Leeds Civic Hall is an unmissable, grand and imposing building found in the very heart of Leeds City Centre. It stands proud as one of the iconic buildings which define the city for not only its appearance, but what it represents in terms of Leeds’ development from the relatively humble riverside town of Leodis, into one of the most economically significant cities in the UK.
The hall was designed in the late 1920s by Devonport born architect, Vincent Harris OBE, who was a celebrated architect credited with the design of many public buildings across the UK from the late 1800s well up until the mid-1900s. Complete with a plethora of intricate details, one of the most unusual features are the 6ft 6in tall Owls which stand atop of each of the Civics Halls two towers, overlooking Millennium Square. Although a relatively unusual feature for tourists and visitors, most Leeds residents recognise this as a reference to the Leeds coat-of-arms, where Owls have featured since as far back as 1626.
Work on the building itself began in 1931 – it’s interesting to consider that this was at the height of the great depression and the vast majority of the people employed in its construction would have been otherwise unemployed. The building cost around £360,000, which is roughly £17,000,000 in today’s money – in contrast to the building of the Town Hall, which was built around 80 years prior, where there was substantial uproar at the lavish expense taken from tax payer’s money at a time when many Leeds residents were living in slum like conditions. This stands as a further illustration at how the City of Leeds had developed in such a short period of time.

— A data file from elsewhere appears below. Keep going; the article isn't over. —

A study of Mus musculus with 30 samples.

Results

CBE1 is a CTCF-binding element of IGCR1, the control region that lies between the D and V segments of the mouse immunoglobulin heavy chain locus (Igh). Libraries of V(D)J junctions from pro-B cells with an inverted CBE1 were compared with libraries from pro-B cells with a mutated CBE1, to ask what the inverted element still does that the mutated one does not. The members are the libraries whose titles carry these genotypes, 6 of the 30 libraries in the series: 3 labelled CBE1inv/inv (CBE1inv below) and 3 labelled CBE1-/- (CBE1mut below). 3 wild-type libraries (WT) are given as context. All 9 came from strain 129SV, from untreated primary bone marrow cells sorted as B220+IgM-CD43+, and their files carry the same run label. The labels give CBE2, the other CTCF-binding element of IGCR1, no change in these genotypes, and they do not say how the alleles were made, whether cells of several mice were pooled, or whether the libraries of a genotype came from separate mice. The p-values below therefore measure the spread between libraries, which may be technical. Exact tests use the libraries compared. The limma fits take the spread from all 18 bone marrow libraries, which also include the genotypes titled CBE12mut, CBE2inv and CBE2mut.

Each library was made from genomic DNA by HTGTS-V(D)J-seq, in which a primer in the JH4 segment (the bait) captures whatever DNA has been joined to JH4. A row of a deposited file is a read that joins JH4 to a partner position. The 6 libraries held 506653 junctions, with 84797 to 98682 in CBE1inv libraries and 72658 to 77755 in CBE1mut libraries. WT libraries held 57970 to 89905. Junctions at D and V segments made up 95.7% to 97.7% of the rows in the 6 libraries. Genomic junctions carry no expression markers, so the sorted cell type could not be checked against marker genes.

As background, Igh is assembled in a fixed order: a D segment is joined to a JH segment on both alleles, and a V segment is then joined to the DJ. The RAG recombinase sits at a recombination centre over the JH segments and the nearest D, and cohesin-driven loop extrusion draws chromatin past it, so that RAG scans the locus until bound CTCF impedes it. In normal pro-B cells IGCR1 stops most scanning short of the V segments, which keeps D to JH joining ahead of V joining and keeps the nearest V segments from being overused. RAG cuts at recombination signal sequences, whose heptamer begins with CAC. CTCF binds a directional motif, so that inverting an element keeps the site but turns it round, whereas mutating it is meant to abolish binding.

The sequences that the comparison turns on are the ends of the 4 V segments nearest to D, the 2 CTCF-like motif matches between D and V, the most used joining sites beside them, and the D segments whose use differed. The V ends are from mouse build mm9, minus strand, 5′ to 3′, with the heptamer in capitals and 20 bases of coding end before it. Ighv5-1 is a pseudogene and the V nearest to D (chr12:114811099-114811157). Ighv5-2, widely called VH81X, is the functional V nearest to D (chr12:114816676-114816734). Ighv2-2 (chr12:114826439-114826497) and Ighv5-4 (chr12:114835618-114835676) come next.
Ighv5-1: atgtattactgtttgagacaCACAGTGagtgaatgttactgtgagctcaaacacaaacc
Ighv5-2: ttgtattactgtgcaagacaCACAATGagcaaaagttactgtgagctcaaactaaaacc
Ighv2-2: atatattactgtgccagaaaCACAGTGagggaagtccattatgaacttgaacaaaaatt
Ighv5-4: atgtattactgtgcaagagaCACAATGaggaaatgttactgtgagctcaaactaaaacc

As well as the impressive appearance of the Civic Hall, its opening day was an enormous day of celebration. Tens of thousands of people lined the streets around the new landmark to watch King George V declare the building open, he used a golden key which up until roughly 20 years ago was a lost relic of the era. It was rediscovered on the other side of the globe, in New Zealand.
Since its opening, Millennium Square has changed beyond recognition, once there would have been fantastic gardens outside the hall.
The Civic Hall serves a number of purposes, including housing various public offices, including the Lord Mayor’s Room, Council Chambers as well as a banqueting hall.
So next time that you’re in Millenium Square, be sure to take a moment to have a closer look at the building, and appreciate the various details as well as its significance for Leeds as a city.